Frequently Asked Questions
What is the free initial consultation?
The therapeutic relationship is a very important aspect of counselling and can determine the success of therapy. This 10-20-minute phone conversation is a time for us to understand and learn what brings you to counselling. With this information, we can then identify your needs and connect you to a counsellor who can best support you. Most importantly, it is a time for you to ask any questions you may have about counselling.
How can I prepare for the first counselling session?
Think about What You Want from your counsellor.
What do you hope to gain from counselling? What aspects of your life would you like to change? Do you require assistance in coping with anxiety or trauma, or do you require assistance in navigating a challenging life situation? When it comes time to discuss these difficulties with the therapist, the more explicit you are about what you want and need, the better off you will be.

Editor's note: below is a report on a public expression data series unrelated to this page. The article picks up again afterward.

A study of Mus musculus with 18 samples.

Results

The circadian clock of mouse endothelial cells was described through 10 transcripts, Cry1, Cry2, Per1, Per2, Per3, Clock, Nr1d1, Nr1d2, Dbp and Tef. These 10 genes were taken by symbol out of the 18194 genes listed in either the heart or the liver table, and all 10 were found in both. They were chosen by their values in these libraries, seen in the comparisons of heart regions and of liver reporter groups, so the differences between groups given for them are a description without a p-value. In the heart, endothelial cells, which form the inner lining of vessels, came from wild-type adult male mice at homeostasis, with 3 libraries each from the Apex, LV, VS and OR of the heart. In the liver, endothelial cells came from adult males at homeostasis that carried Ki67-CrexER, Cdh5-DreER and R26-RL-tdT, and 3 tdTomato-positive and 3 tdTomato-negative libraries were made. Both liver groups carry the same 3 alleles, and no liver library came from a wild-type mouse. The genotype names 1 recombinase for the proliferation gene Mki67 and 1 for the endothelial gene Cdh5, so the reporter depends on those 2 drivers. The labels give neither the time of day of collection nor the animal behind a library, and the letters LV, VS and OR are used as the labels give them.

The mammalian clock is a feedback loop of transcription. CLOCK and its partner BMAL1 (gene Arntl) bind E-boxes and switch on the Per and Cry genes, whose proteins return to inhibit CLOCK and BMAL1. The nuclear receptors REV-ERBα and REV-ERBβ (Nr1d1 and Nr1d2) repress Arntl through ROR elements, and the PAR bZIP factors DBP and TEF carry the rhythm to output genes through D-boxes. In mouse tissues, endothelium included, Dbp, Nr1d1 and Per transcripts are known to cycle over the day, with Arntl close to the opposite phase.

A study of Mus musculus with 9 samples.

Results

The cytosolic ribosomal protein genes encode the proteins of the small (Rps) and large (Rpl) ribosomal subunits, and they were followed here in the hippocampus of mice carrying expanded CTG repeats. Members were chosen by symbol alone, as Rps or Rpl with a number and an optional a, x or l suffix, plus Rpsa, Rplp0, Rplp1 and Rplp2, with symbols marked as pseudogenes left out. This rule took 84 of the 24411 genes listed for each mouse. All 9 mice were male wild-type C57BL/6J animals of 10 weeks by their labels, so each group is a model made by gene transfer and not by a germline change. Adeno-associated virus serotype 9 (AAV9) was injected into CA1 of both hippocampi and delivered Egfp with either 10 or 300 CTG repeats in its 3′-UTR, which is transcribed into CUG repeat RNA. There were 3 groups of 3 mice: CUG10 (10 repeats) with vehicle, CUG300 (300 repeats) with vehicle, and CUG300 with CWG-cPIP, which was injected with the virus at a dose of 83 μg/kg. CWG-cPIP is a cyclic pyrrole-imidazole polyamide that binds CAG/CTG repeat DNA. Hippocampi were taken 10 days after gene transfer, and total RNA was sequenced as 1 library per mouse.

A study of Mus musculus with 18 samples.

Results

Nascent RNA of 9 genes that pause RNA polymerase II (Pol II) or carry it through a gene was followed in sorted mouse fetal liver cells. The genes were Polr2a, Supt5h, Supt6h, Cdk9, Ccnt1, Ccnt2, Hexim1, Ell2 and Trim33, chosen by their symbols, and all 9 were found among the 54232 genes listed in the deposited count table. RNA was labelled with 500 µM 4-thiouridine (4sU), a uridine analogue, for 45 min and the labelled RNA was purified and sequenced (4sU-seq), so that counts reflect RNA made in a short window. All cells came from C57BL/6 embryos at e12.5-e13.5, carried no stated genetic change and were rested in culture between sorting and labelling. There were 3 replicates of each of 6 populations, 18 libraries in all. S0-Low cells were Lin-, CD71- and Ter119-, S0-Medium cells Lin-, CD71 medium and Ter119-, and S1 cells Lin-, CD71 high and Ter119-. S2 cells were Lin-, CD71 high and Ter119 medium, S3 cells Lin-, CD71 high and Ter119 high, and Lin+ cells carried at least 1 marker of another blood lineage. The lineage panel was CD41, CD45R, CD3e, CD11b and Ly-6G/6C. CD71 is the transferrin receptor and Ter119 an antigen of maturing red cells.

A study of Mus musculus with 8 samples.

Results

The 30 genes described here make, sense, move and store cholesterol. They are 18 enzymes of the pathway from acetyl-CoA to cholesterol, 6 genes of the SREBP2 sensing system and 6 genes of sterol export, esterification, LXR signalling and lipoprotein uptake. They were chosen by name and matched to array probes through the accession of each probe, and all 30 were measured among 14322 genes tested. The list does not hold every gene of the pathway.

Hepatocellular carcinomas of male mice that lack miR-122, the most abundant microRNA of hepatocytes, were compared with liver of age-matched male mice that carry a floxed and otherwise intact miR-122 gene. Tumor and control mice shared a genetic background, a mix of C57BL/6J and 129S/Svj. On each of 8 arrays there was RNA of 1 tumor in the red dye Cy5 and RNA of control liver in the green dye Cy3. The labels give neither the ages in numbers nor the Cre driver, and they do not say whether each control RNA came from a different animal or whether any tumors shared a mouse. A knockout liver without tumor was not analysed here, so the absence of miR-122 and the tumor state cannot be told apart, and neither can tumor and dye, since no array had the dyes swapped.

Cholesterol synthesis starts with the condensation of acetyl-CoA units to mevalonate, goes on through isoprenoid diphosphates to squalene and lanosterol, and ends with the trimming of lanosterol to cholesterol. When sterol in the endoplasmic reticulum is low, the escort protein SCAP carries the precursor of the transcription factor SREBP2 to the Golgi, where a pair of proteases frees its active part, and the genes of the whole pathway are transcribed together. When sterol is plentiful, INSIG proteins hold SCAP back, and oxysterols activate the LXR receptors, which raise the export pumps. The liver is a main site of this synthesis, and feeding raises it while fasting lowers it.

If it helps, write everything down. Writing helps many people think more clearly about abstract matters, and the clearer you are in your mind, the easier it will be to communicate with the counsellor.
Examine Your Past before your first counselling session.
Making a list of the specific topics and circumstances you want to discuss is another great strategy to prepare for your first session. This could include any present issues you're dealing with and how they're affecting you, as well as any life events that have contributed to them.
Don't be concerned that certain items are too insignificant to add. It's crucial if it feels meaningful to you! Again, writing everything down can assist you in determining what is most important to you. It's also easy to ensure you don't forget anything important if you bring your notes to your first counselling session.
Make a list of the questions you want to ask for the initial consultation.
Finally, list the questions you'd like to ask. For example, you might want to enquire about our counsellor's education and training, as well as whether or not they've worked with other clients who have issues similar to yours and what types of therapeutic strategies they employ.
Counselling is about you and what you want and need, and a counsellor is there to assist you in achieving your goals. They'll provide you with a lot of direction for how your future sessions should go, but it's ultimately up to you to make sure you communicate your needs.